Are Professions Predestined?

Are people born with an inclination to do a certain job? Plato (through Socrates) believes this is the case (370b-c). He says, “one man is naturally fitted for one task, and another for another.” This means that fate determines what your profession will be before you ever set foot in school. If you don’t do this job, you are not being the best that you can be.

On some level, this ideology reminds me of the strict caste system in Brave New World by Aldous Huxley. In this system, people are born to do certain kinds of work. They don’t try to improve themselves or their status because they believe they are in their rightful place. The garbage man will aspire to nothing but collecting trash. Of course, Brave New World is an over-exaggerated representation of a society with this ideology, but it does suggest that everyone has a “rightful place” in the community.

Plato’s way of thinking not only inhibits social mobility, but also discourages interest in multiple disciplines. Although one could learn how to do many different things, they would be wasting their time because one man would be better and more productive working “one at one.”

This also has the potential to suppress innovation. Inventors often draw from different pools of knowledge to create something new, so if they were to focus solely on one occupation, they would have trouble creating new technology or coming up with new ideas. For example, if a farmer needed a tool that could sew seeds faster, he would not have the knowledge or craftsmanship to create such equipment. Similarly, a carpenter or tool-maker could not fulfill the farmers needs because he lacks the understanding of the farmer.

This ideology would create a society that runs smoothly however it would be forever static.

3 responses to “Are Professions Predestined?

  1. I think you bring up a really interesting point about a sort of caste system, but I think the system Plato (through Socrates) discusses is slightly different than the system you articulate. I believe that the way Plato (through Socrates) depicts the ideal society is not nearly as binding as the system you state. I agree that Plato (through Socrates) indicates that certain people are better at certain tasks, but I don’t think Plato (through Socrates) necessarily requires each individual to only do what they are good at, they just think that if everyone does the task they are best at, then society is better off. I think this concept is best exemplified when Socrates says that each person “contribute his own work for the common use of all,” indicating that by each person in society doing his/her best work everyone is better off (369E). I disagree that technology would decrease due to a lack of innovation for two reasons. The first reason is that under the societal framework Plato constructs, the people who are the most innovative and the best inventors will do so, thus society will be at its maximum innovative capacity. Second, Socrates doesn’t force these people into those jobs, he just believes that is the way everyone in society gets the best product possible.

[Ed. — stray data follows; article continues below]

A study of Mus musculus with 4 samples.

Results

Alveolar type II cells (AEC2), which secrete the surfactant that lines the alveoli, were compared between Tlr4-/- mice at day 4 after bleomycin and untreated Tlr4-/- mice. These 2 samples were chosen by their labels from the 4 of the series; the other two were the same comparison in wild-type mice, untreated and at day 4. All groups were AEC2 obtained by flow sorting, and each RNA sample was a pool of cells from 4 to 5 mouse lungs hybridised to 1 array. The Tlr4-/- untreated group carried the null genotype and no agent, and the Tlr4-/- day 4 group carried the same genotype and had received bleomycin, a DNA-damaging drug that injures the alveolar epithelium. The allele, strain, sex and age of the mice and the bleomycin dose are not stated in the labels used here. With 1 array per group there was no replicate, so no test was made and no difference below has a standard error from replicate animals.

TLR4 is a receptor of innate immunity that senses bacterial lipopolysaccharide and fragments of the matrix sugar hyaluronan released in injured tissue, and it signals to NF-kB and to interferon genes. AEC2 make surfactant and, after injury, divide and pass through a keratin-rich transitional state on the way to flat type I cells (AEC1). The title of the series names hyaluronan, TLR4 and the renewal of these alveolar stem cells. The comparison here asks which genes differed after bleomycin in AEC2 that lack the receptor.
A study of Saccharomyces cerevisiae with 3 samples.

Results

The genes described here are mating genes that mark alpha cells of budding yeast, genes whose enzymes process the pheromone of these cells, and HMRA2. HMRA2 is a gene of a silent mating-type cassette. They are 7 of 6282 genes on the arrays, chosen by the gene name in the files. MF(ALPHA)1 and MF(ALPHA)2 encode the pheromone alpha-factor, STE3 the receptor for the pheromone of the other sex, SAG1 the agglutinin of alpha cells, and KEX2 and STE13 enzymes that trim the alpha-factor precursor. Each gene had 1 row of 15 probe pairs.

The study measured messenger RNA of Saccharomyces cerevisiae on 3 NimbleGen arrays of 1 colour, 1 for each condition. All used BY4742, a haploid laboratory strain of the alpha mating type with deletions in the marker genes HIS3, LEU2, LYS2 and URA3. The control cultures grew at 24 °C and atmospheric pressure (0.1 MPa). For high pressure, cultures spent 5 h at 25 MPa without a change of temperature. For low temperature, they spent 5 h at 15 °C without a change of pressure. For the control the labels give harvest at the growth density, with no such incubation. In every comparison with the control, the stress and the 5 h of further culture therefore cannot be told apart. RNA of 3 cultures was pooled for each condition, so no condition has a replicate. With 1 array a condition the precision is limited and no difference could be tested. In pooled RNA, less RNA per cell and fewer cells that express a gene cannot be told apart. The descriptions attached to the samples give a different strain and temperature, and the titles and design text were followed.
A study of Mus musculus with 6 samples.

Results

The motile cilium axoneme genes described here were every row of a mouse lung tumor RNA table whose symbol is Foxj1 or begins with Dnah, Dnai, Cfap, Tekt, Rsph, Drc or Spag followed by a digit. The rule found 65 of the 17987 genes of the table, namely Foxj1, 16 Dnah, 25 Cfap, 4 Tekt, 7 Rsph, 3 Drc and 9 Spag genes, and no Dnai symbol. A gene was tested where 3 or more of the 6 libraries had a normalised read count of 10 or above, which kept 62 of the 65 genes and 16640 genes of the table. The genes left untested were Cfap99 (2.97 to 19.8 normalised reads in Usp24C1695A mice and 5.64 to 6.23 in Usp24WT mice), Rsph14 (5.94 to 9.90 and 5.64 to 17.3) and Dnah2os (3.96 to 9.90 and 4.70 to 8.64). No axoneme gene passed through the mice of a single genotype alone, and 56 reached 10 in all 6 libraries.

2. I think that your tie-in with Brave New World is absolutely fascinating. Socrates’ claims do mimic the caste system of Aldous Huxley’s novel. I definitely agree with your reasoning on all of this. If our profession were predetermined for us, creativity would be stifled and, in some situations, people would be prevented from finding career paths that would satisfy or fulfill them just because their so-called “inclination” does not indicate them having prowess at that specific job. In my opinion, some of the greatest discoveries or things that bring us the most happiness in life are stumbled upon by chance. This can even happen with people finding career paths when they know very little about the profession that randomly becomes opened up to them and do not have a degree in that discipline.

    But, to play devil’s advocate, Socrates’ words may not have to entirely be taken seriously. He could have meant that some people are good at certain things rather than that people are only predisposed to simply one task. We may just be reading too far into his statement.

  3. The meaning is definitely malleable depending on how you interpret Plato’s writings. Lindsay and Harry, I see that both of you interpreted the same text in different ways and differently than I did. I perceived this section to be Socrates creation of and ideal world, rather than a realistic one. This means that everyone would have to do what they are best at and would not get to chose otherwise. In Socrates’ world, efficiency is valued over freedom. His ideal city has people who are useful rather than creative. If you recall the inception of this city, Socrates first populated it with those that could provide the bare essentials, then looked to add people to support this work.

    Another update to my original post involves our more recent reading. Socrates introduces the myth of metals, which, among other things, is meant to convince people that they belong in their place in society because of their personal make-up. This idea also mirrors the society in Brave New World where different castes have different, scientifically engineered blood oxygen levels, intelligence, etc. The difference is that here, Socrates is just telling them there is a difference, where as in Huxley’s novel, scientists actually modify different variables to produce people with different traits.